Today I welcome a special guest, author Jennifer R. Hubbard, whose second novel, Try Not to Breathe, released in January. I've read it in both draft and published form, and friends, it is a great read. It has some of the best insights into adolescent depression I've ever read, a well-balanced mix of seriousness and humor, and my favorite kind of romance--one based on friendship and trust built over time.
I asked Jenn to share some insights about writing opposite-sex narrators. Take it away, Jenn...
Writing as a male character wasn’t something that struck me as unusual until people started asking me this question, after my first book (The Secret Year) came out. I wrote short stories for years, and some of them had male main characters and some had female main characters. I thought of myself as a person and my characters as people, without dwelling much on which of us were male or female. So much of what we experience in life—the taste of a tomato, the feel of rain on our skin, the pain of a toothache—has nothing to do with whether we’re male or female.
Nevertheless, there are real cultural differences. In our world, for example, aggression is still encouraged, or at least tolerated, far more in boys than in girls. On the other hand, talking about emotions is expected more of girls.
One advantage a writer has in writing across gender lines, which may not be the case when writing across lines of race or religion or ethnic group, is that we spend so much time with each other. Chances are very high that we have family members of the opposite sex, that at some point we live with people of the opposite sex. We have father-daughter, mother-son, brother-sister relationships. We may have aunts and uncles, grandparents and cousins. We may have classmates, teachers, or coaches of the opposite sex. We see each other at the grocery store, on the bus, at concerts.
I grew up having male friends and relatives, male teachers. I grew up reading books by male authors. I think that’s why some of the characters in my head speak with “male voices.” One good test, for anyone who’s having difficulty writing a male character, is to think of the guys you know. Ask yourself: Can I imagine any guy I know delivering this line I just wrote? Not a guy on a movie screen, saying what I wish he’d say, but a real-life guy?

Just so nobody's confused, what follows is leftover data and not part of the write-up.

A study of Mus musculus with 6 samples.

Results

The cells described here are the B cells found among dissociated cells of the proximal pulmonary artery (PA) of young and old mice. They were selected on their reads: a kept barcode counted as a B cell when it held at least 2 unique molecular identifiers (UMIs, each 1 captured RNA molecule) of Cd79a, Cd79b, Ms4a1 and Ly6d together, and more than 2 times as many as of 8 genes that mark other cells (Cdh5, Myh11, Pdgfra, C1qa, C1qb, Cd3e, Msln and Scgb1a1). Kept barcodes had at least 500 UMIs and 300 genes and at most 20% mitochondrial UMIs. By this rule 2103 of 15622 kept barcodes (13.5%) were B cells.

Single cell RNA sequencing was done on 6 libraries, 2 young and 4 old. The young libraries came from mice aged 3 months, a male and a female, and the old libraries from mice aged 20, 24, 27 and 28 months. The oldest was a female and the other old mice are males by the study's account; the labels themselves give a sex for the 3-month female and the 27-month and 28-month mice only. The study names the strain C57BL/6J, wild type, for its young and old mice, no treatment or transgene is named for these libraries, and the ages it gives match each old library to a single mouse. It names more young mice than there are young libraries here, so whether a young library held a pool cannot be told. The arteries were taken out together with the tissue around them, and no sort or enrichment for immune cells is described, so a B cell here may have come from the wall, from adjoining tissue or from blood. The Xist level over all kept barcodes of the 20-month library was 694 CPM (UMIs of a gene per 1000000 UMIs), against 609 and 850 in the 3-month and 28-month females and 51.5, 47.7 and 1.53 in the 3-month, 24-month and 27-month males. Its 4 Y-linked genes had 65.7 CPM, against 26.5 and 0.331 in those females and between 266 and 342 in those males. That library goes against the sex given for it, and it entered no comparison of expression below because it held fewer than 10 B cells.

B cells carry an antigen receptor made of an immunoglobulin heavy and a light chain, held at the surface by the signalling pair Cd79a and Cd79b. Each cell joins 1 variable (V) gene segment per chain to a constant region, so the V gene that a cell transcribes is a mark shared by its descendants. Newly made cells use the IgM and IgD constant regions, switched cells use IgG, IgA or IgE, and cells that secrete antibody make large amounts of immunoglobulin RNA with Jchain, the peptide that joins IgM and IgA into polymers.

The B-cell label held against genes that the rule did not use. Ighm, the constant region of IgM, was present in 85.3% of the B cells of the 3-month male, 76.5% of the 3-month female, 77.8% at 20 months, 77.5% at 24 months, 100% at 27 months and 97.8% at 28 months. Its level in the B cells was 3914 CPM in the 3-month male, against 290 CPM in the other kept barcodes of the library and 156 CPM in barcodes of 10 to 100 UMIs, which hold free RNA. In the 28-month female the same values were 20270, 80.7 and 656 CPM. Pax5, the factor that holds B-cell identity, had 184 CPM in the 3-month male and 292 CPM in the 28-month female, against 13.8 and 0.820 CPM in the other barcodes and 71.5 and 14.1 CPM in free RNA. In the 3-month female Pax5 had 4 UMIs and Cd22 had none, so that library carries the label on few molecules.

You can also solicit the opinion of male readers. However, not all guys are alike, so don’t assume that any one person can speak for a whole gender. Dick Cheney is a guy. So is Justin Bieber. So is Chris Rock. So is the Pope. But they’re all different people with different worldviews and experiences, and they would all speak and think differently.
Jennifer R. Hubbard is the author of the contemporary young-adult novel Try Not to Breathe (Viking, 2012), in which the 16-year-old survivor of a suicide attempt befriends a girl who is trying to understand her father's suicide. Hubbard's first book is the The Secret Year (Viking, 2010).
For more information about Jenn's books, including links to purchase copies, go to http://jenniferrhubbard.blogspot.com/p/publications.html.
Have you ever attempted an opposite-sex narrator? What excites or intimidates you about it? Any other questions for Jenn?